By Lonnie Huhman
Dexter sixth-graders wants their fellow students, teachers and the whole community to know how they feel about bullying.
And they teamed up with SRSLY Dexter last month to do so.
“Ask the students at Creekside Intermediate School in Dexter about bullying, and they have a lot to say,” said the project press release, which was put together by St. Joseph Mercy Chelsea Hospital, a supporter of SRSLY.
This is a new project for sixth-grade Summit Learning classrooms, which in part encourage the students to develop their own goals and create projects.
The student-led effort culminated with them creating 120 anti-bullying signs and placing them on the front lawn of their school. The sign project, funded by SRSLY Dexter, was on full display for three days along high-traffic Baker Road, in recognition of National Bullying Prevention Month.
“Each bold anti-bullying sign displayed a kid’s personal thoughts and feelings about why bullying needs to stop, in plain view of the hundreds of parents, students, teachers, and residents who pass by — or go into — the school each day,” the press release said.
Narda Black, sixth-grade English Language Arts and Social Studies teacher, “the idea for the signs came from the students themselves.”
“They wanted to do something for anti-bullying month, so they discussed putting up big paper signs inside the school hallways,” Black said. “But we thought, ‘wouldn’t it be much more powerful if we could put them outside, where every car that drives by our school can see it?’”
Black said the signs were created as a way to have the kids engage in authentic learning experience at the end of the project. The school, however, didn’t have the funds to purchase outdoor signs, so Black reached out to Alyssa Tumolo, Coalition Director for SRSLY Dexter, to see if the community coalition could help.
SRSLY Dexter was excited to help and agreed to provide all the funding for the sign materials.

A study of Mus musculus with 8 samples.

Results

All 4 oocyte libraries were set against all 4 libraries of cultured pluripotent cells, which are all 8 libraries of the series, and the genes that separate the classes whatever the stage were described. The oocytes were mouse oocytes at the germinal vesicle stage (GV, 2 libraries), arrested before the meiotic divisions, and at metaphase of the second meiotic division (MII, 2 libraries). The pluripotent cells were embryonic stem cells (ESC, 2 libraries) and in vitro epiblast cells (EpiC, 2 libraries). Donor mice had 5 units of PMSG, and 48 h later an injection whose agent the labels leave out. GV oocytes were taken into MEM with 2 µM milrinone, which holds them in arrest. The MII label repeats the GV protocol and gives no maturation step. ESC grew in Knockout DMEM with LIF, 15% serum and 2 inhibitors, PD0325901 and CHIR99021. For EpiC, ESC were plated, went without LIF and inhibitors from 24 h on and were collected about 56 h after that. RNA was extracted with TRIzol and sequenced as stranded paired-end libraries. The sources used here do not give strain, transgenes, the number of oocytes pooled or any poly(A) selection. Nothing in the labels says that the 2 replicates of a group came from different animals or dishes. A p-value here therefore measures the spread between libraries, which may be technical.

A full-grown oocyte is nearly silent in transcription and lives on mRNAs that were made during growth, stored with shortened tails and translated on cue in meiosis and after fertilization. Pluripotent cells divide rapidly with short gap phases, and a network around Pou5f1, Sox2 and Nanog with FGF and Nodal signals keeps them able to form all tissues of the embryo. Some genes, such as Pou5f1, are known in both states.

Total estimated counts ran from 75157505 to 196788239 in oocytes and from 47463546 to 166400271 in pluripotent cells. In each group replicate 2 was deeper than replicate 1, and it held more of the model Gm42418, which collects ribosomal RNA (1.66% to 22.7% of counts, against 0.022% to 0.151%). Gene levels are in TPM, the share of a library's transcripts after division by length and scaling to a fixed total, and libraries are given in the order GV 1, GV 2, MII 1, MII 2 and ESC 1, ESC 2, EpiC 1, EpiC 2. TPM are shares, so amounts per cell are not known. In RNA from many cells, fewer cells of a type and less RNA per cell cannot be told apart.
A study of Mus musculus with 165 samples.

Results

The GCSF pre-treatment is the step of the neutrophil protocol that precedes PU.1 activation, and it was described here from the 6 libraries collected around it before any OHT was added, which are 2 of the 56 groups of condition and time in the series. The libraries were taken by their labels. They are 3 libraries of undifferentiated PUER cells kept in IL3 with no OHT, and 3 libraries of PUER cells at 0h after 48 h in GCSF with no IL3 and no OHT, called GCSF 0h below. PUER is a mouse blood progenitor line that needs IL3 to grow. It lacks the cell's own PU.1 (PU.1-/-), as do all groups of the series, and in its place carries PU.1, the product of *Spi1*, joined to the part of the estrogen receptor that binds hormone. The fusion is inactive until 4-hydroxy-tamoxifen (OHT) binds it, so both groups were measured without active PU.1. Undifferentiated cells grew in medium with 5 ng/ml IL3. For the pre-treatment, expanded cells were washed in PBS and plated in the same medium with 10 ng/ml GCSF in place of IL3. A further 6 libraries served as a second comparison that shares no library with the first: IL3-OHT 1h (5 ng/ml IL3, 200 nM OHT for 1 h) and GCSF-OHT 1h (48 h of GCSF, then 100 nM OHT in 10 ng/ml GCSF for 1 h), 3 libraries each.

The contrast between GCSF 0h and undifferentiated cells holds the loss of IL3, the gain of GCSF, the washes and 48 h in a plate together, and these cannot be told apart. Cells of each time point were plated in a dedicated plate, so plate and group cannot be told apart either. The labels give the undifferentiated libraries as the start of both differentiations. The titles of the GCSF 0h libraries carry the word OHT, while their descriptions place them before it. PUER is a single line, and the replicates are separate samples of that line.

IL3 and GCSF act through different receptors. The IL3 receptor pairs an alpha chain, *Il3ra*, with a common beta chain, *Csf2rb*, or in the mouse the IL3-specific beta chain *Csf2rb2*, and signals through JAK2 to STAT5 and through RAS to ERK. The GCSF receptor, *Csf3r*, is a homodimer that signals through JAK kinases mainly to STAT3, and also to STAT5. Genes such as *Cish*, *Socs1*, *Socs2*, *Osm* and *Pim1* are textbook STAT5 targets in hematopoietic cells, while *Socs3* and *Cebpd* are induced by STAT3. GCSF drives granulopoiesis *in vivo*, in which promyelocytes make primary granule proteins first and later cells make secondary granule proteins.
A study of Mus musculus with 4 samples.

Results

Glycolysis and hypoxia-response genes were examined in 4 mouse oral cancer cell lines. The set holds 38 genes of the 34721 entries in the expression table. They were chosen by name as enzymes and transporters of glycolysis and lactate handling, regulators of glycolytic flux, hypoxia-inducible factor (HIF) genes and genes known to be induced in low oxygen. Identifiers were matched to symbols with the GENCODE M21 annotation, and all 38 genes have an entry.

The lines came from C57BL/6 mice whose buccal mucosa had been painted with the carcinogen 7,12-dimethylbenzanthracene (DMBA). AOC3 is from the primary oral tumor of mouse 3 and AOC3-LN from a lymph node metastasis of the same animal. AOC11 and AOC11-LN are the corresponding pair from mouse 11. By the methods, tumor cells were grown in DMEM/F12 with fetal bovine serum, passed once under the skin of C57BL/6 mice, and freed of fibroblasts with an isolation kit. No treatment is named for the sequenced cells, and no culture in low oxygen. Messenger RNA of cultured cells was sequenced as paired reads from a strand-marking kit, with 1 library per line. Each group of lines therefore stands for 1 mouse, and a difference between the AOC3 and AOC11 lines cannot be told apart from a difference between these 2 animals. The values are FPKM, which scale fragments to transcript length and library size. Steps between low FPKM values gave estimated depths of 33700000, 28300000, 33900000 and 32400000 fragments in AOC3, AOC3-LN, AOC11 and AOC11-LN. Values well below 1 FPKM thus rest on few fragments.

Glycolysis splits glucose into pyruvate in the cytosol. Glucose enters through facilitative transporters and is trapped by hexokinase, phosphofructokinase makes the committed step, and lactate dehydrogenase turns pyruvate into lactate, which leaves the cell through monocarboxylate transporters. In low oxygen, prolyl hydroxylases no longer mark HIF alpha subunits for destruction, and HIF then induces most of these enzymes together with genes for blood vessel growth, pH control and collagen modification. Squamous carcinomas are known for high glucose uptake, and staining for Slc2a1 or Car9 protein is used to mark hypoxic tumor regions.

“SRSLY is about helping youth make good choices, which includes avoiding peer pressure and staying safe,” Tumolo said. “Peer pressure is such a big part of bullying – either not standing up to bullying, or even being a part of it. It’s an issue our youth feel strongly about. So, it was a natural fit for us to support Creekside’s anti-bullying project.”
Jane Webby, also an English Language Arts teacher at Creekside, worked with Black to encourage and guide the students throughout the process.
“Our message here is that there is a way out. There is hope,” Webby said. “If we work together, we can make a difference. This sign project is proof of that.”
The words of some of the Creekside students involved with the sign project speak volumes about their passion for making their school an example of what it means to truly eliminate bullying:
“We want our school to be a place where kids are excited to come, not scared or unhappy,” sixth-grader Addison Robke said.
Her fellow student Jack Demerell said, “Standing up against bullying helps set a tone for your whole life. We can encourage others to stop bullying.”
“When you hurt someone’s feelings, they can carry it around for a long time,” Josie Alabre said.
“We want to help others know how to deal with bullying, so kids don’t have to worry about coming to school,” Madison Leach said.
“We don’t want kids to just stand and watch if they see bullying,” Annie Ralls said. “They can stand up and tell someone to stop bullying.”
“We can have a bully-free classroom and learning environment,” said Sean Mccormick. “This will allow all kids to be happy and feel safe at school.”
Webby added that the signs give the students an authentic audience because the whole community will see their posters — and with a little luck, the message may go even further.
“Some of the kids are writing to public figures, celebrities, and famous athletes to tell them about the project,” she said. “This gives the students a real sense of purpose.”
Black and Webby teach Language Arts in the platform known as Summit Learning. This project-based platform allows students to share ideas with one another and learn from their peers. They said they believe the project-based environment enabled the students to think creatively about anti-bullying efforts.
While much of the anti-bullying movement talks about adult intervention, Black emphasized that our youth have a critical role in the effort to stop bullying. “We encourage students who see bullying to take action. We work hard to educate kids on how they can step in. Bystanders have tremendous power to stop bullying. These signs are a way for the kids themselves to speak out — to say that they are against bullying. And that’s very powerful.”